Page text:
What I Learned About Being a Writer in 2014 - Tip #9

I learned a lot about being a writer in 2014, and over these ten days, I’m sharing some of my tips. Here is Tip #9.

Always ask for more money.

This one is tough. In fact, it’s something I’m still learning but trying to get better at. When you apply for a full-time job, or really any job at all, that pesky little moment comes around when you have to talk about money. Research shows that men are better at this than women, because women tend to second-guess themselves and their worth far more than men do. Unfortunately, if you’re a freelance writer, a mini version of this comes along about once every couple of weeks, or maybe several times a week if you’re really successful at pitching. You’ll pitch a story, an editor will get back to you intrigued, maybe with a few extra questions and directives, and then, before writing the story, you two will have to talk about money.

For most freelancers, sadly, this probably means one thing: the editor proposes a sum, and you say yes to it, too scared to lose the story and a potential client to try and argue for more. In 2014, after several successful attempts at raising my salary for corporate work, I decided I would ask for more money every chance I got. I had once been burned by a boss who practically laughed me out of the room when I tried to get more money from him, but that was six years ago and I was just beginning to understand my worth. If asked to name a price first, I’ll usually take whatever price I expect an editor to say yes to and add quite a bit on top of it, assuming that it may go down due to negotiating. If the editor names a price, I’ll outline how I got more from such-and-such an outlet for a similar piece, and see if he or she can negotiate.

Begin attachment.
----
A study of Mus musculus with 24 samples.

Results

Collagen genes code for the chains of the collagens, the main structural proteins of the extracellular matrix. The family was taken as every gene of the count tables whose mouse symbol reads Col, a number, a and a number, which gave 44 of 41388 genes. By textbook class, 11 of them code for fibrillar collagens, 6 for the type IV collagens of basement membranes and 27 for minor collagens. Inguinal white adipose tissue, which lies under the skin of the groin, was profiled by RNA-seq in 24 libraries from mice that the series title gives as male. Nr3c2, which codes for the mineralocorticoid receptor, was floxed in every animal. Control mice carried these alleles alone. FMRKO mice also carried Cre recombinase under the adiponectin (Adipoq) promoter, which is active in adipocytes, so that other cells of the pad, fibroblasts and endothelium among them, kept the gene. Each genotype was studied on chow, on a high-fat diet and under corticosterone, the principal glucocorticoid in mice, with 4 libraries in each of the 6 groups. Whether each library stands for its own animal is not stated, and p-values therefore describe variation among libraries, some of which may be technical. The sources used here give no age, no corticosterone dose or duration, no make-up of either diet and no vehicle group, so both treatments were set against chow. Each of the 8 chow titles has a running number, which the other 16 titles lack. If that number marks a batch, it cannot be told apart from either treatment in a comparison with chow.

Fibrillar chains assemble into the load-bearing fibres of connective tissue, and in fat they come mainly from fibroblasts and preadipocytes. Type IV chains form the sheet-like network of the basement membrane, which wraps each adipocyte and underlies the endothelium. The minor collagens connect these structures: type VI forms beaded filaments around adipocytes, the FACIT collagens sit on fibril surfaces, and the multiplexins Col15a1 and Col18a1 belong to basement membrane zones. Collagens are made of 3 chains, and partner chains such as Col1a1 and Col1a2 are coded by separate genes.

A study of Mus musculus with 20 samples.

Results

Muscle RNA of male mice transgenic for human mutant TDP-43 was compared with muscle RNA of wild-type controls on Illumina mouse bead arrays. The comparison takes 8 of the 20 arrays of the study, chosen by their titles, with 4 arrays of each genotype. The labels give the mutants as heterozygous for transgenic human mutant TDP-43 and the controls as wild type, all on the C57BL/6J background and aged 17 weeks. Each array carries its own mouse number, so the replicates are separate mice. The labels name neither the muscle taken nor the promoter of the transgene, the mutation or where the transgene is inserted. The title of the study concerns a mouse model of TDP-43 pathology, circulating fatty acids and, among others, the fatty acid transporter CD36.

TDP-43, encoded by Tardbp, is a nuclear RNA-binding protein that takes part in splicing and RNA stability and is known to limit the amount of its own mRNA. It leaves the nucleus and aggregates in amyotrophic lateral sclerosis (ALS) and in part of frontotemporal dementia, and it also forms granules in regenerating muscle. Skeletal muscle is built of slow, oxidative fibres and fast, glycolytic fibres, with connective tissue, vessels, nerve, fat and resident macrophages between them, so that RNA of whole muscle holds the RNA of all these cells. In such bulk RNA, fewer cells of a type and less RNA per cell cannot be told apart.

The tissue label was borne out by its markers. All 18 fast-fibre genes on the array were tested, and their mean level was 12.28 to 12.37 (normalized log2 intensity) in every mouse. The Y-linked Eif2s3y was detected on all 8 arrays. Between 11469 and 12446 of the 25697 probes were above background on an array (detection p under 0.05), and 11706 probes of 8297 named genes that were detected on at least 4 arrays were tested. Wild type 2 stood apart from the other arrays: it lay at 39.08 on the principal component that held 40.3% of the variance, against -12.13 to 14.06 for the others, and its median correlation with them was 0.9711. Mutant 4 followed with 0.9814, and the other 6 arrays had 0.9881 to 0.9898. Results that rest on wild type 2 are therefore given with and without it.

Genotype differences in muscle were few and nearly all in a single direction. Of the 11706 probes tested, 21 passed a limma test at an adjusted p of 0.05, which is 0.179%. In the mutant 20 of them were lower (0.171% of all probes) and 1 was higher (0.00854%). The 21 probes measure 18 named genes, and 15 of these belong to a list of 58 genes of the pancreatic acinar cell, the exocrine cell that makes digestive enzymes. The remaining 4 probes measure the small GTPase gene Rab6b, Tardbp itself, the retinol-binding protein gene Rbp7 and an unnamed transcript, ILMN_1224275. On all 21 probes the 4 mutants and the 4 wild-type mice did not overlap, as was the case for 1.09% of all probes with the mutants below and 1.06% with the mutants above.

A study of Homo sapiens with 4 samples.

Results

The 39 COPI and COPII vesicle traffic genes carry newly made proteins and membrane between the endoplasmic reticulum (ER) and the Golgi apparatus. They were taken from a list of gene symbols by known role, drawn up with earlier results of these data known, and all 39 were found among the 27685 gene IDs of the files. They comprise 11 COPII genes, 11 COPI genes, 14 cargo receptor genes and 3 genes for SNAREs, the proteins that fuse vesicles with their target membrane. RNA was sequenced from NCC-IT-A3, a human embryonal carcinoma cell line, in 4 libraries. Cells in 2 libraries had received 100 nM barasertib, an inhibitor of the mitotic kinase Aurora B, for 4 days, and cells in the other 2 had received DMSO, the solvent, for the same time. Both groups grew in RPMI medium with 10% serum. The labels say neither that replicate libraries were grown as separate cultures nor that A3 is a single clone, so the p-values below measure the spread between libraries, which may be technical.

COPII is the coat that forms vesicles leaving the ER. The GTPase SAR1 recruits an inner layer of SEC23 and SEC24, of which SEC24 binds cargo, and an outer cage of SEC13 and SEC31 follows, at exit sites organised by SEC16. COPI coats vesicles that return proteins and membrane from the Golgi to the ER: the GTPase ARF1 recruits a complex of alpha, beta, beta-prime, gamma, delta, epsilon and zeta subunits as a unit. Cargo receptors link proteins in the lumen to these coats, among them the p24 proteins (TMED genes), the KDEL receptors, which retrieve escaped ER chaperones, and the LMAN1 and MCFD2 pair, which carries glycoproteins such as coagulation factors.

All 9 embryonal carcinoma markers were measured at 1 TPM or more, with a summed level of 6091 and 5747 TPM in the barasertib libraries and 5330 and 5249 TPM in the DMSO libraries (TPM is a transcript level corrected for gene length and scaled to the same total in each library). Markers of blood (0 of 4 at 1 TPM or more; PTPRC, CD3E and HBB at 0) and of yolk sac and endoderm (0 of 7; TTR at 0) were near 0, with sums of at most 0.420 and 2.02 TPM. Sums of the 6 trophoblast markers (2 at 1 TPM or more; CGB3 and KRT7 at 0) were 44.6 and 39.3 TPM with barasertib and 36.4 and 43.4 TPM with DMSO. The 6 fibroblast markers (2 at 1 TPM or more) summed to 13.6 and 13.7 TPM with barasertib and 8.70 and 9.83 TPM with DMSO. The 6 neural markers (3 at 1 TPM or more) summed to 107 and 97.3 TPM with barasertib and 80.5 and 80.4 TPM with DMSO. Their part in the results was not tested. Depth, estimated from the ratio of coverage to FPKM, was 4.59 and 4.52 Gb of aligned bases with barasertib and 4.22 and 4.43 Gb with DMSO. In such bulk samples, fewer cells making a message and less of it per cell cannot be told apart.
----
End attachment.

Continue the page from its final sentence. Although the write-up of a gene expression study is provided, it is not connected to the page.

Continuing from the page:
Sometimes this is harder than it looks, as a lot of outlets, especially online ones, will have set-in-stone, low pricing you can either take or leave, along with that possible home for your story. Once in a while I’ll let myself down, panicking when I’m asked for a price and underselling myself, knowing that I’m doing it even as I hit the send button and wait for a reply. I’m trying to get better at this, but I’m encouraged by the fact that I already have. I just added up my finances for 2014 and I made more money than I ever have in a single year as a freelancer. I have to assume some of that came from my determination to always ask for more, and my resolve to give up this fear that doing so might mean losing a potential client. I hope to do even better in 2015.